Reading through menus is a common way to choose a restaurant. / SUR

Warning signs

A good restaurant should have a single page menu - it's when we come across vast menus with dozens of choices that we need to start worrying

ANDREW J. LINN

Do we choose restaurants for the wrong reasons? Although we have access to reliable restaurant guides, it is still normal to wander from one doorway to another, reading the menus posted outside. Deciding to eat in an establishment based on such cursory investigation is probably the worst method of choosing.

There are restaurants that prepare the dishes in their kitchens, and those that farm out all the preparatory work, so the published menu is no indication of what to expect. We would be shocked if we could see inside the 'kitchens'.

Most are little more than machine rooms with fridges, freezers, microwaves, plate warmers and washing-up appliances.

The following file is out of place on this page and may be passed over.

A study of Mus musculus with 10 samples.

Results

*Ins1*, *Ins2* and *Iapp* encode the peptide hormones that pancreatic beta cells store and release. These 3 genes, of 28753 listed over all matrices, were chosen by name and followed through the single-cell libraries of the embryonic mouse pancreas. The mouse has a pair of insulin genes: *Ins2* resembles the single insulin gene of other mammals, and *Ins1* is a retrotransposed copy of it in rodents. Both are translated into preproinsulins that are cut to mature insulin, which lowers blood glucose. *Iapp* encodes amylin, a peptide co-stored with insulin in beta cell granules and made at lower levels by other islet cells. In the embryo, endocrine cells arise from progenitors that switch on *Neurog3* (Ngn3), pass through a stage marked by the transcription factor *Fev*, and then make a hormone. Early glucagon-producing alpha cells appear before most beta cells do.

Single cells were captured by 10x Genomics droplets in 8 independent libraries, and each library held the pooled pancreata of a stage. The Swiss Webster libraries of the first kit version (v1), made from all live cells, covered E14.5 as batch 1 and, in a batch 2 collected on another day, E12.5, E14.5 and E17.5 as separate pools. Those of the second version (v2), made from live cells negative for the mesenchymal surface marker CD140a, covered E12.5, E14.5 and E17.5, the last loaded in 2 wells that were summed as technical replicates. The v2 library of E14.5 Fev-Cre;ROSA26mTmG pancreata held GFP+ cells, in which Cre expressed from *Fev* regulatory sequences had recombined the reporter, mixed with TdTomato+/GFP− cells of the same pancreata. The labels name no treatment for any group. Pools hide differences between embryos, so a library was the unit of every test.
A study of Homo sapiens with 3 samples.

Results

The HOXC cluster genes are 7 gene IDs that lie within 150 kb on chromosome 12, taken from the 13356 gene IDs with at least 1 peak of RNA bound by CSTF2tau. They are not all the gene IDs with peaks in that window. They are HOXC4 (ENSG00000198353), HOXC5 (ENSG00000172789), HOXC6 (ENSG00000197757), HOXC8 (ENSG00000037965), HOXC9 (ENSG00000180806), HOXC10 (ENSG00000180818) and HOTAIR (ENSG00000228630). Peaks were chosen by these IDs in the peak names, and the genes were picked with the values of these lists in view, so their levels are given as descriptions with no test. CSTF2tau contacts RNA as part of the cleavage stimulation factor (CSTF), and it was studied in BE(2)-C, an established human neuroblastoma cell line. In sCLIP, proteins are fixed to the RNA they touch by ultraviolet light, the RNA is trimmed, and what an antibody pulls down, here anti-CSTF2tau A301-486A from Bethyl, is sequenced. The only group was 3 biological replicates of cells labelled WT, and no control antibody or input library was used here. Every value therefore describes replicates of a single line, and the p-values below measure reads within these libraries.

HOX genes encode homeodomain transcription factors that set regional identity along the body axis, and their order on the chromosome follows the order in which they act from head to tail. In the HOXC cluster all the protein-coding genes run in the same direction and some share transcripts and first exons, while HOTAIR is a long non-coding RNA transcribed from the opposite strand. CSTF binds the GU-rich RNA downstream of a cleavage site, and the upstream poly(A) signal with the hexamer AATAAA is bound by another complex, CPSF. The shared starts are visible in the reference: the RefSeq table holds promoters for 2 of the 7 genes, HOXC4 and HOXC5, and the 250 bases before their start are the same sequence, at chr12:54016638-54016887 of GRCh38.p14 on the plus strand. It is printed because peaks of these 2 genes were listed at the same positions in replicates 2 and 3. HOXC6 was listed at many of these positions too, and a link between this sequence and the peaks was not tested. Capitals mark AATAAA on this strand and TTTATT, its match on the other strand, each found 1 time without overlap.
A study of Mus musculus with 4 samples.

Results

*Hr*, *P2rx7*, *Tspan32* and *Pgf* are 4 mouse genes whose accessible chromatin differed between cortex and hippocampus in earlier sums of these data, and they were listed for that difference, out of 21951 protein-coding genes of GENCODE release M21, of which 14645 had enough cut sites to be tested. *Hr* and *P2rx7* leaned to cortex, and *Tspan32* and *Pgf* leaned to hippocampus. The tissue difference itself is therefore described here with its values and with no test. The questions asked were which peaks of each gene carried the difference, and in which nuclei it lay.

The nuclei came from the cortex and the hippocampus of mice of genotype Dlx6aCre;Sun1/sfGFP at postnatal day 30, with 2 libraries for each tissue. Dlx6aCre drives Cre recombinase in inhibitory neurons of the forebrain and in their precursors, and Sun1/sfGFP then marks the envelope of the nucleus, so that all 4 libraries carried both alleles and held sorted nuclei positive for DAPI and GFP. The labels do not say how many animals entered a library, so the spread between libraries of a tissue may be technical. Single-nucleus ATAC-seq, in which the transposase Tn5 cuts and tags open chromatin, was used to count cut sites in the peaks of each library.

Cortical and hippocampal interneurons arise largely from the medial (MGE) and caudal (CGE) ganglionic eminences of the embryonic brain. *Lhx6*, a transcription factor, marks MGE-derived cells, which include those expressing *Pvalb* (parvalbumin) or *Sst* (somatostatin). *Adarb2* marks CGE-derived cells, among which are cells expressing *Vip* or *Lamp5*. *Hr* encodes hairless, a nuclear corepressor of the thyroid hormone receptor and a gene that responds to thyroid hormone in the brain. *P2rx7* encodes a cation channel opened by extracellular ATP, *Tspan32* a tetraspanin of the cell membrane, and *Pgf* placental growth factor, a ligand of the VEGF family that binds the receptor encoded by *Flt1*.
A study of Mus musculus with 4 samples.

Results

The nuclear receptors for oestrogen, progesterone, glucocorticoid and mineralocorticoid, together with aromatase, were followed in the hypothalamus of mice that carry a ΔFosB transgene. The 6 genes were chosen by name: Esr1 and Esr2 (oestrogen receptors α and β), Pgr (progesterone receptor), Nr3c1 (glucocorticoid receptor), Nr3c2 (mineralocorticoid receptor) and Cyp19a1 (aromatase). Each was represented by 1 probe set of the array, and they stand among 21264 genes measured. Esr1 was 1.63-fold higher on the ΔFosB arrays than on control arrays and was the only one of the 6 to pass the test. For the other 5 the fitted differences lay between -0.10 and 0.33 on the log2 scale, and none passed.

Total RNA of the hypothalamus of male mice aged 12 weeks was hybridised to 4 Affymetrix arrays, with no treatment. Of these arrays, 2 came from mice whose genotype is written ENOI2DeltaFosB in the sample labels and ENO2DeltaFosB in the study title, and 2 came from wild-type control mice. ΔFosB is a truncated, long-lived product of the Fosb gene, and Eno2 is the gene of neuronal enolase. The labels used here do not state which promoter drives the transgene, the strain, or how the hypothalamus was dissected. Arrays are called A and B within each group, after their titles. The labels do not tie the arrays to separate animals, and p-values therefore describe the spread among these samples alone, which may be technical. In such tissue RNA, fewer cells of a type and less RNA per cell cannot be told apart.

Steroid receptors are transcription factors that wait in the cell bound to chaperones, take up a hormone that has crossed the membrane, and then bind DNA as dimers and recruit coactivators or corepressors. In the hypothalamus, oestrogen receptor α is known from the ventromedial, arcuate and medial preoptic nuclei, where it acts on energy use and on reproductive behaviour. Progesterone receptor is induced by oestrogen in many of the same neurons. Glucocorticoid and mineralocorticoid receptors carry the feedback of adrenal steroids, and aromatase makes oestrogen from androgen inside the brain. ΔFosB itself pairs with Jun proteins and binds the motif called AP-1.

The actual cooking areas are almost non-existent.

The freezers are the main feature, as these store the packs of flash-frozen, ready-cooked, dishes that many restaurants and fast-food places rely upon.

A good restaurant should have a single page menu featuring something like four salads, two soups, four or five appetisers, eight main courses and five desserts.

When we come across vast menus with dozens of choices, we need to start worrying.

Not even the most capable chefs can work with a 50-item menu, regardless of the size of the work force, so the conclusion must be that the food is not freshly cooked, or not cooked on site; ('dark kitchens' come to mind).

Multiple fried dishes is also a give-away, as even in the best places these may have been prepared months in advance.

Nor should we applaud fast service, as nothing happens quickly in the best kitchens.